I am sitting outside the waiting room of the infusion center of a hospital in Southwest Washington. It’s Friday of last week. Friends and family of two other patients are sitting outside here with me, banished to this auxiliary waiting area across from the soda machine I wouldn’t dare use because there’s no way to drink a soda with a mask on. My wife is inside with my mother, getting a needed infusion of electrolytes. The receptionist, irked, shooed the three of us out of the waiting room before we could even check in any of our charges. “It’s the new policy at the hospitals as of today,” she said. “No visitors. Only one immediate caregiver.”
The outside crew shakes our heads and trade notes about this latest injustice of Covid, our healthcare system, and the insanity of the past eighteen months. Later, the receptionist will come back outside to rip off the printout taped to the door to the clinic and tape up a new one, highlighted. “I’m sorry if I was snippy earlier,” she says. “The rules are changing every day and people won’t listen.”
Inside, my wife is hearing from a nurse about the situation in the hospital itself. “There are no beds. There hasn’t been beds for two weeks. Fifteen percent of the Covid cases here are breakthrough.” Even if they had wanted to admit my Mom to the hospital they wouldn’t have had anywhere to put her. Later, the receptionist tells me that there are still people who come in and won’t wear their masks. “We can’t believe that we have to live through last summer again. But that’s where we are.”
I walk into the Walgreens under a creamsicle orange sun, fuzzy at the edges from wildfire smoke. This Walgreens has a security guard in Kevlar outside—how more than a few businesses are handling the homeless situation in Portland these days. Downtown, Blackwater types with AR-15s work outside the clubs when they empty out at night, to prevent shootings. I’ve been to this pharmacy three times in the past five days. Today, they told me that their hours were cut for the next week. Tomorrow, they’ll be out of medications again. “Oh yeah, those get snapped up as soon as they arrive,” says the pharmacy tech.
We’re talking to one of the ER nurses at a hospital in Portland. It’s Thursday. The ER waiting room, never a “nice” place, is a Heironymous Bosch painting, all moaning and woe. A shirtless man in a wheelchair has removed his shoes and is grunting on the up beats while two armed security guards eye him. A park ranger explains that his entire body just fell into a patch of poison ivy. Another woman is telling her entire medical history of diabetes. I’ve never seen a place in the throes of triage like this, so clearly putting a third of the people into different buckets of admit, urgent care and wait. Inside the ER, things are strangely calm. We have a room and a bed and a glass sliding door that can close. A huge air filtration machine whooshes in the corner. THIS IS A NEGATIVE PRESSURE ROOM reads the sign above it. We ask a nurse about the Covid cases here. “It’s mostly unvaccinated. And those are mostly low IQ types.”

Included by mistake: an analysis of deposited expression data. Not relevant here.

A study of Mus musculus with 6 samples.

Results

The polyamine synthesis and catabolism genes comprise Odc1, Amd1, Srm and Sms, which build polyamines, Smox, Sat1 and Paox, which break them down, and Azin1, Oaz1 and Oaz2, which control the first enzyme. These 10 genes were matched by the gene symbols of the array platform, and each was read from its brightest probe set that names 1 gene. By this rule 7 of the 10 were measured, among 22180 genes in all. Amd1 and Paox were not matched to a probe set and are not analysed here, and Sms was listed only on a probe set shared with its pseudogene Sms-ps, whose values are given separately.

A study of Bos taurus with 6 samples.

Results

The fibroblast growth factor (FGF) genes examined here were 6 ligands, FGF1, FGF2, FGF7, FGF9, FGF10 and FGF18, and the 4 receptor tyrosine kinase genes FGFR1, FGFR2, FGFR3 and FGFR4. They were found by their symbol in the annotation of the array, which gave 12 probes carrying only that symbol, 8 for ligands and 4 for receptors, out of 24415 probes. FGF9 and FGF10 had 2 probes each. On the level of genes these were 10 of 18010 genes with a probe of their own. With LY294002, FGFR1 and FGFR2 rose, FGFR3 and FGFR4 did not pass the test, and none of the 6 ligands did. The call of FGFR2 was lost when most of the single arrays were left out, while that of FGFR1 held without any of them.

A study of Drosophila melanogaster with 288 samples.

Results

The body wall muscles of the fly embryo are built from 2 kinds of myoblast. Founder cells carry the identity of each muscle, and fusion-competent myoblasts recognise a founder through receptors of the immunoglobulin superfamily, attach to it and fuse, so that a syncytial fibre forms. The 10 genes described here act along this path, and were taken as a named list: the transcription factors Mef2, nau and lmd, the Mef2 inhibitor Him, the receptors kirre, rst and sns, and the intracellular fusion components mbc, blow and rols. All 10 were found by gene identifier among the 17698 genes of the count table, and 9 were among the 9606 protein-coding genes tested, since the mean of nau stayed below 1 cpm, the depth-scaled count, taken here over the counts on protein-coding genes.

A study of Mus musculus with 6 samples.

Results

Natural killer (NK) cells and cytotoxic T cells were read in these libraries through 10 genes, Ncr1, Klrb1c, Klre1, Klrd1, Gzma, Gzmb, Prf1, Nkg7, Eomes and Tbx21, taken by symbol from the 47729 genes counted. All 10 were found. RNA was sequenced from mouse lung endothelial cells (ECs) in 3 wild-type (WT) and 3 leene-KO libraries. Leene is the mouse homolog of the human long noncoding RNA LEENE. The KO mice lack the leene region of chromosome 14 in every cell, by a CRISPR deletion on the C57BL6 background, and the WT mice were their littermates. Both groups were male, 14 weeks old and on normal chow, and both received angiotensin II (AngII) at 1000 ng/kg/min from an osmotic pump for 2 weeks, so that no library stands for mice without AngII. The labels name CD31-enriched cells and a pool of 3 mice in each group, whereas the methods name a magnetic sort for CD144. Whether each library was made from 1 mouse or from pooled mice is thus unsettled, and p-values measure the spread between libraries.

How am I supposed to feel? There’s a rolling discussion about how understanding we should be about the anti-vaccine contingent, the die-hards and the skeptics and everyone else, as we slide back into another round of Covid hell. It’s great that there are more people protected than a year ago—a lot more—but the hospitals are full again with those same unvaccinated folks. There’s a shortage of nurses. Like a lot of healthcare providers, it’s impossible to feel much sympathy or empathy for anyone who is obstinate about getting vaccinated after eighteen months of this. You’re saying I should be understanding of someone in a hospital bed that should be occupied by someone who DID choose to protect themselves, all because they were powerless to resist memes, or Tucker Carlson, or even for that matter couldn’t manage to figure out a way to get off work? They’re not all spreadnecks, but they are all selfish, in one way or another. Even most “legitimate” reasons for being unvaccinated aren’t good enough anymore. I used to only shout “We live in a society!” at Penn Station. Now I have to remind myself of it every damn day.
We’re all so, so tired. Bone is grinding on bone. A trip to the Walgreens should not feel like entering an armed compound. Medications should be ample. Hospital services should be accessible. Instead, we’re living in a dystopian healthcare nightmare and you want me to understand someone else’s selfish choice? Absolutely not.
The past six weeks dealing with our healthcare system and my mother’s illness has made me so much meaner and sharp-tempered than I want to be. I don’t believe anyone will do anything they say they will without at least one, if not two, follow-ups about it. The constant changes in rules highlights that all rules are made up, yes, but that’s not license to be an absolutist, or a schmuck, or in some cases, both. I ask ever more pointed questions of doctors, nurses, specialists, pharmacists. I fantasize about flipping a table. I need to sit in silence, usually by 4pm, almost every day.
I won’t argue about any of it anymore. Maybe it was easier to imagine returning to some of these relationships in the time after when it seemed like the time after was close at hand. But it’s not. The goalposts are receding. We’re going to be living with this for a long time, and with the ramifications of it even longer. The deniers and skeptics and political point scorers can all fuck right off to the fever swamps they love so dearly. They’re going to be so far removed from my life that it’ll be like I never knew them. They’re trying to kill me and my family. Want to talk about choice? Excising them is all the freedom I need.